Norovirus (bacteria) has sickened 80 Boston College students who ate at a nearby Chipotle restaurant, state health officials said Tuesday.

“Initial testing conducted by the State Public Health has shown the presence of norovirus,” the health department said in a statement.

Although many of the students said they feared they’d been struck with the same E. coli bacteria that made 52 people in nine states sick this fall after eating at Chipotle restaurants, experts said the pattern of illness didn’t look like E. coli.

“Health officials in Boston believe this is likely a norovirus, which seems consistent with the pattern, in our estimation,” Chipotle spokesman Chris Arnold told NBC News.

bacteria rotovirus food borne illnessNorovirus, sometimes known as the winter vomiting bug[1] in the UK, is the most common cause of viral gastroenteritis in humans. It affects people of all ages.[2] The virus is transmitted by fecally contaminated food or water, by person-to-person contact,[3] and via aerosolization of the virus and subsequent contamination of surfaces.[4] The virus affects around 267 million people and causes over 200,000 deaths each year; these deaths are usually in less developed countries and in the very young, elderly and immunosuppressed.

You can get dehydrated if you are not able to drink enough liquids. You may urinate less, have a dry mouth and throat, and feel dizzy.
30 Boston College students sick after eating at Chipotle.

City health officials ordered the outlet closed after an inspection showed the cooked chicken used to make burritos, tacos and other dishes was being kept at too low a temperature, an employee worked while showing signs of illness and because of the reports of possible foodborne illness.

Chipotle said it had voluntarily closed the restaurant in the Brighton section of the city.

“All 80 students have confirmed that they ate at the Chipotle Restaurant in Cleveland Circle during the weekend,” Boston College said in a statement.

Norovirus is notorious for causing large outbreaks of sickness and it can be spread by a single sick restaurant worker or one sick patron. Simple handwashing is often not enough to prevent its spread.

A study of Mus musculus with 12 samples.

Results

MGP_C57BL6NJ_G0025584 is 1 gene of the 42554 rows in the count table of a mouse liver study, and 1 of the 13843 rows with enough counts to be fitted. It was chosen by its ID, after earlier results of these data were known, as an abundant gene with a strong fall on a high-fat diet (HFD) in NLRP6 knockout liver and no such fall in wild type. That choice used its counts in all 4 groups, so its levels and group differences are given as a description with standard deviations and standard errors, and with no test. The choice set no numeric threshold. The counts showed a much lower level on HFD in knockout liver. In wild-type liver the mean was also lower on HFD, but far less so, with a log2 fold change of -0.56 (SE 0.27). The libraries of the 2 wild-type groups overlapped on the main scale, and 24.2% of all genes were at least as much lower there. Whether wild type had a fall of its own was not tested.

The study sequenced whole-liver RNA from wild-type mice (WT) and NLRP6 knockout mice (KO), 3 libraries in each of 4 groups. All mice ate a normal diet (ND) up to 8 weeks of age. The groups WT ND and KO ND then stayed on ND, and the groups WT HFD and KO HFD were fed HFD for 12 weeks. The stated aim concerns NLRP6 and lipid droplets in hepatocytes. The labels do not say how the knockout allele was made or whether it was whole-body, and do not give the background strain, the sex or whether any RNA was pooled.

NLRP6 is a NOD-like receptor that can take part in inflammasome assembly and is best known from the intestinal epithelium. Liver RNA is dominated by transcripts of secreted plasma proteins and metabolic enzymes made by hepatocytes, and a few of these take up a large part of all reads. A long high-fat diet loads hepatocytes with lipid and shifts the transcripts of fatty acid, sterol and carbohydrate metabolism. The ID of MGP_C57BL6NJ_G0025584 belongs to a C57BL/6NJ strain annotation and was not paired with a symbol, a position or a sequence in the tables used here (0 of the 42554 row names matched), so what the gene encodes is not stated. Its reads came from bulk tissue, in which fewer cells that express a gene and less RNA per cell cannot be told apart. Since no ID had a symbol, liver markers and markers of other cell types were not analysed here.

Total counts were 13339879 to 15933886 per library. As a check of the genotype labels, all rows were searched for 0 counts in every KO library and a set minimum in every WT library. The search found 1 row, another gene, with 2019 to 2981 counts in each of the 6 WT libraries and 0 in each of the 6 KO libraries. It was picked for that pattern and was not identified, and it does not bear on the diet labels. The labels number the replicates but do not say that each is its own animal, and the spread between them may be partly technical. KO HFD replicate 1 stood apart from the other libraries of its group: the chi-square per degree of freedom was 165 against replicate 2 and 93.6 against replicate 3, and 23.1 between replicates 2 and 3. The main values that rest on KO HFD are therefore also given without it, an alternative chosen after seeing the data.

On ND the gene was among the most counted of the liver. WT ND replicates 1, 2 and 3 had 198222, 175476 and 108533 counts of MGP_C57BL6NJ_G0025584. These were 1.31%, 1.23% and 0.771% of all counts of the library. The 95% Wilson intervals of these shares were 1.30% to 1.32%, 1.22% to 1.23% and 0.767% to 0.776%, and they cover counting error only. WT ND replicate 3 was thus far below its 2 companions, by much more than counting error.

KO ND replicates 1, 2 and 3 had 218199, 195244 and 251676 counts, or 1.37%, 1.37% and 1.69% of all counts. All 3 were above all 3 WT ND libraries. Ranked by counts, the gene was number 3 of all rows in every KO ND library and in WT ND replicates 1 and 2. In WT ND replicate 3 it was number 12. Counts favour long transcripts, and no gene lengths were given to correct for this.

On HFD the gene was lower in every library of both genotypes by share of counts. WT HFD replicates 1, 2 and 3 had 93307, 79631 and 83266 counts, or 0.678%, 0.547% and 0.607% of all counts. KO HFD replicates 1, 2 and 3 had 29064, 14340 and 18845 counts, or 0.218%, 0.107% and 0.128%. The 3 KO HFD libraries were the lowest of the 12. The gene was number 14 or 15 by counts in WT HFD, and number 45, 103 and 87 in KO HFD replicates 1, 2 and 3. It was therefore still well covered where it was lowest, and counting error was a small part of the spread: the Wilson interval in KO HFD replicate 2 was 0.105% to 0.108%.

The Centers for Disease Control and Prevention says it’s still not sure what particular food caused the E. coli outbreak at Chipotle. A separate E. coli outbreak that’s made 19 people sick in seven states was linked to celery sold at Costco, 7-11, King Sooper and other stores.


The most common symptoms are:

  • diarrhea
  • throwing up
  • nausea
  • stomach pain

Other symptoms include:

  • fever
  • headache
  • body aches

Practice proper hand hygiene

Wash your hands carefully with soap and water—

  • especially after using the toilet and changing diapers, and
  • always before eating, preparing, or handling food.

Noroviruses can be found in your vomit or stool even before you start feeling sick. The virus can stay in your stool for 2 weeks or more after you feel better. So, it is important to continue washing your hands often during this time.

Alcohol-based hand sanitizers can be used in addition to hand washing. But, they should not be used as a substitute for washing with soap and water. See “Handwashing: Clean Hands Save Lives.”

Wash fruits and vegetables and cook seafood thoroughly

Carefully wash fruits and vegetables before preparing and eating them. Cook oysters and other shellfish thoroughly before eating them.

Be aware that noroviruses are relatively resistant. They can survive temperatures as high as 140°F and quick steaming processes that are often used for cooking shellfish.

Food that might be contaminated with norovirus should be thrown out.

Keep sick infants and children out of areas where food is being handled and prepared.

When you are sick, do not prepare food or care for others who are sick

You should not prepare food for others or provide healthcare while you are sick and for at least 2 days after symptoms stop. This also applies to sick workers in settings such as schools and daycares where they may expose people to norovirus.

Many local and state health departments require that food workers and preparers with norovirus illness not work until at least 48 hours after symptoms stop. If you were recently sick, you can be given different duties in the restaurant, such as working at a cash register or hosting.

Clean and disinfect contaminated surfaces

After throwing up or having diarrhea, immediately clean and disinfect contaminated surfaces. Use a chlorine bleach solution with a concentration of 1000–5000 ppm (5–25 tablespoons of household bleach [5.25%] per gallon of water) or other disinfectant registered as effective against norovirus by the Environmental Protection Agency (EPA). For more information, see EPA’s Registered Antimicrobial Products Effective Against Norovirus (Norwalk-like virus)[3 pages].

Note: Evidence for efficacy of a cleaning agent against norovirus is usually based on studies using feline calicivirus (FCV)—a virus related to norovirus—as a surrogate. However, FCV and norovirus exhibit different physiochemical properties; thus, it is unclear whether inactivation of FCV by a specific cleaning agent reflects efficacy of such solutions against norovirus.

Wash laundry thoroughly

Immediately remove and wash clothes or linens that may be contaminated with vomit or stool (feces).

You should

  • handle soiled items carefully without agitating them,
  • wear rubber or disposable gloves while handling soiled items and wash your hands after, and
  • wash the items with detergent at the maximum available cycle length then machine dry them.